It’s Banned Book Week, and I’m celebrating in my own way. Fun Fact: Captain Underpants is currently America’s “most banned” book series.
Captain Underpants and the Big, Bad Battle of the Bionic Booger Boy, Part 1: The Night of the Nasty Nostril Nuggets
by Dav Pilkey
The Blue Sky Press (Scholastic)
The Premise: George and Harold are a couple of fourth graders who don’t enjoy school. These friends use their creative energies to produce their own comics (which are included in the book, elevating portions to the “graphic novel” genre). The star of their stories is Captain Underpants.
Thanks to the recap at the beginning of this, the Sixth Epic Novel, readers understand that Captain Underpants is actually Mr. Krupp, cranky school principal. Way back at the beginning of the ongoing saga, George and Harold hypnotized him. Now, all it takes is a snap of the fingers for Mr. Krupp to strip to his tighty-whities, don a cape, and save the day. (Tra la la la!)
Personal Opinion: I like tongue-in-cheek humor and general silliness, so I dove into Captain Underpants with high hopes. Without a doubt, Mr. Pilkey is both creative and clever. He composes amusing warning labels for his chapters. Sly remarks about “imitateable behavior” are undoubtedly directed at critics. His descriptions of mucus introduces readers to an impressive adjectival array. And I can even understand the appeal of George and Harold, who are smart “in a way that couldn’t be measured by quizzes or worksheets.”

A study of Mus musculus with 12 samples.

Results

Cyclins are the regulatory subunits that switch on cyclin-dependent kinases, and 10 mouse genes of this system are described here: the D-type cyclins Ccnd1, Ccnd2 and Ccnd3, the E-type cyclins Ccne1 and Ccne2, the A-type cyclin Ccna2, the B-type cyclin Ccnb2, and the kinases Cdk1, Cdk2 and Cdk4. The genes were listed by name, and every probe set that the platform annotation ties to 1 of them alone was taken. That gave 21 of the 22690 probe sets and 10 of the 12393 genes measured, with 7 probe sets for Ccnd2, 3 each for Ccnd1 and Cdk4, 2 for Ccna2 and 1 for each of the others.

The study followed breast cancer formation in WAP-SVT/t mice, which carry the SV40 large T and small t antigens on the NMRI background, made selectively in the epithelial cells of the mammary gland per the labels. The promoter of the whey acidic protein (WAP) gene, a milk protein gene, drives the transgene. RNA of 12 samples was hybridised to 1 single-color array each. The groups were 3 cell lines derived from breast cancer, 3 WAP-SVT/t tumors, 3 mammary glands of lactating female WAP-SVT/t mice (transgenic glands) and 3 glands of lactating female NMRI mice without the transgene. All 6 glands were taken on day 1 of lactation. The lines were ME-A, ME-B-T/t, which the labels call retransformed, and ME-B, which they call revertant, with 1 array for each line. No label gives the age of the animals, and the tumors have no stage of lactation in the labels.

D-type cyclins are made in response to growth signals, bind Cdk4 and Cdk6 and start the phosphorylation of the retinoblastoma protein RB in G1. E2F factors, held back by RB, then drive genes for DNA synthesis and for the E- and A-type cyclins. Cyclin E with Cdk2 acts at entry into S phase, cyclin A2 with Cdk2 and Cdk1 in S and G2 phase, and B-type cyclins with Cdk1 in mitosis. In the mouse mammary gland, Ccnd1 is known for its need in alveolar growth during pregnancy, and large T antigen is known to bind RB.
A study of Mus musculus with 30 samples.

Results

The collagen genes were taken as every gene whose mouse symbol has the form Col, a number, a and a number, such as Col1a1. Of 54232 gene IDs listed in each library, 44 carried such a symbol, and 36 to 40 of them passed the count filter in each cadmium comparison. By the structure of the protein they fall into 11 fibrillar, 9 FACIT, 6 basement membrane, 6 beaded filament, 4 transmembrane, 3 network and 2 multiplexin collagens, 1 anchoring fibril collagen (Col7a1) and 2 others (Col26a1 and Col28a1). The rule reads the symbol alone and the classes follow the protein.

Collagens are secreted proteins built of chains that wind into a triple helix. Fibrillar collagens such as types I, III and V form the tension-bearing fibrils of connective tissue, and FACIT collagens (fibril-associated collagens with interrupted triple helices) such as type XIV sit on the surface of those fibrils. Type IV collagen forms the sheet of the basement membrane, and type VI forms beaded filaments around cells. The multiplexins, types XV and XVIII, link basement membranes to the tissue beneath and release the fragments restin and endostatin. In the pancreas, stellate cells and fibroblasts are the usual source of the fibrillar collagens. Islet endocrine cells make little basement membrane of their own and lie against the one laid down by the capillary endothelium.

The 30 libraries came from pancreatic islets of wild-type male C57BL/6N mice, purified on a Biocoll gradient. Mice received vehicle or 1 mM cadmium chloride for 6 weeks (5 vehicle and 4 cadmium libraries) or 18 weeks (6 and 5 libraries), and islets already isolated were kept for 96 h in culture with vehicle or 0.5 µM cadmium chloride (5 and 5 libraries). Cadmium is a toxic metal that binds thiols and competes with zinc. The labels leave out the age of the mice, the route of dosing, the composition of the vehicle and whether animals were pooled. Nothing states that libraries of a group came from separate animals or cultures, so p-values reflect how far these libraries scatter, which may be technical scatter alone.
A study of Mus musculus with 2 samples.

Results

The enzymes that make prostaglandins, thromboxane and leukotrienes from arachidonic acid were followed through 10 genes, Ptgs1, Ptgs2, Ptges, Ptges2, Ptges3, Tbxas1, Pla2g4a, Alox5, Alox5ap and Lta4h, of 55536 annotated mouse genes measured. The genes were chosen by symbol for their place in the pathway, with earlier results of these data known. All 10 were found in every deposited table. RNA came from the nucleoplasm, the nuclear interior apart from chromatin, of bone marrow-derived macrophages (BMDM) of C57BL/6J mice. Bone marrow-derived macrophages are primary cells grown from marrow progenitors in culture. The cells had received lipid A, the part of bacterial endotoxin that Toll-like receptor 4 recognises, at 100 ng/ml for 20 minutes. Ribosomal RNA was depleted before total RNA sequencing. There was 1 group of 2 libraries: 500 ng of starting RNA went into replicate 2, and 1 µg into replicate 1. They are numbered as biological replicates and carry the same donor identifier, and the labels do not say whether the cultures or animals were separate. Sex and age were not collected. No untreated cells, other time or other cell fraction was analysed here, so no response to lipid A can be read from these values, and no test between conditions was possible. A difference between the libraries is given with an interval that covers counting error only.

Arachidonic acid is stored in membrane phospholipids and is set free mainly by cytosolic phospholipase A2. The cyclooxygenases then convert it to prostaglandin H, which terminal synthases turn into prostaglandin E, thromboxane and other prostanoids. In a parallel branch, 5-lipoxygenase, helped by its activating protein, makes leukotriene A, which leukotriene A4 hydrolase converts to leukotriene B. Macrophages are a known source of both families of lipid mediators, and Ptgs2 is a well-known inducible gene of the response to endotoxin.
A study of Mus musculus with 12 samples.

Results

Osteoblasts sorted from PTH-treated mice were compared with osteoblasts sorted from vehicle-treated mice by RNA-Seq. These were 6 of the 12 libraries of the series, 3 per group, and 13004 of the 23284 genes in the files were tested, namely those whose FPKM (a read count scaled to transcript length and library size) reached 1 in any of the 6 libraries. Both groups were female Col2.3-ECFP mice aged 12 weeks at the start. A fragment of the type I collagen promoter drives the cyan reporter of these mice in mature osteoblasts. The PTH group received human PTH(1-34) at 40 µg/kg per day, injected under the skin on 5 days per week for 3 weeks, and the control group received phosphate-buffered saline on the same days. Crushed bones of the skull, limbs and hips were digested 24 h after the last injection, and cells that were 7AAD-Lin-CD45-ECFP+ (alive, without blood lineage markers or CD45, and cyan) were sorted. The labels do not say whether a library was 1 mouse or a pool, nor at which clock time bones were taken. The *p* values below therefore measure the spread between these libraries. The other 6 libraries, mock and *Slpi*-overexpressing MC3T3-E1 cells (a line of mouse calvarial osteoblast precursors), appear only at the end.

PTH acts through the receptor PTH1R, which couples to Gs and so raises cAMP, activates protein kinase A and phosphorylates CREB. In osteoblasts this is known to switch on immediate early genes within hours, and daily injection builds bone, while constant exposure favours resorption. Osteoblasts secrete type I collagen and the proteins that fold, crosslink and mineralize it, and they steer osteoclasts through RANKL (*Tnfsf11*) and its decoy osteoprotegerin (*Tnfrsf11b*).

But I would never, ever put this book in the hands of my child.
The story opens with detailed instructions on how to play a messy practical joke involving ketchup packets and toilet seats. The “hero” is an authority figure who’s repeatedly humiliated in public. Adults are portrayed as obstacles to fun. George and Harold use their (oft misspelled) comics to pick fun at others. All in all, it’s a heaping helping of mockery, rebellion, disregard, and bullying.
And I would never, ever put this book in the hands of my child.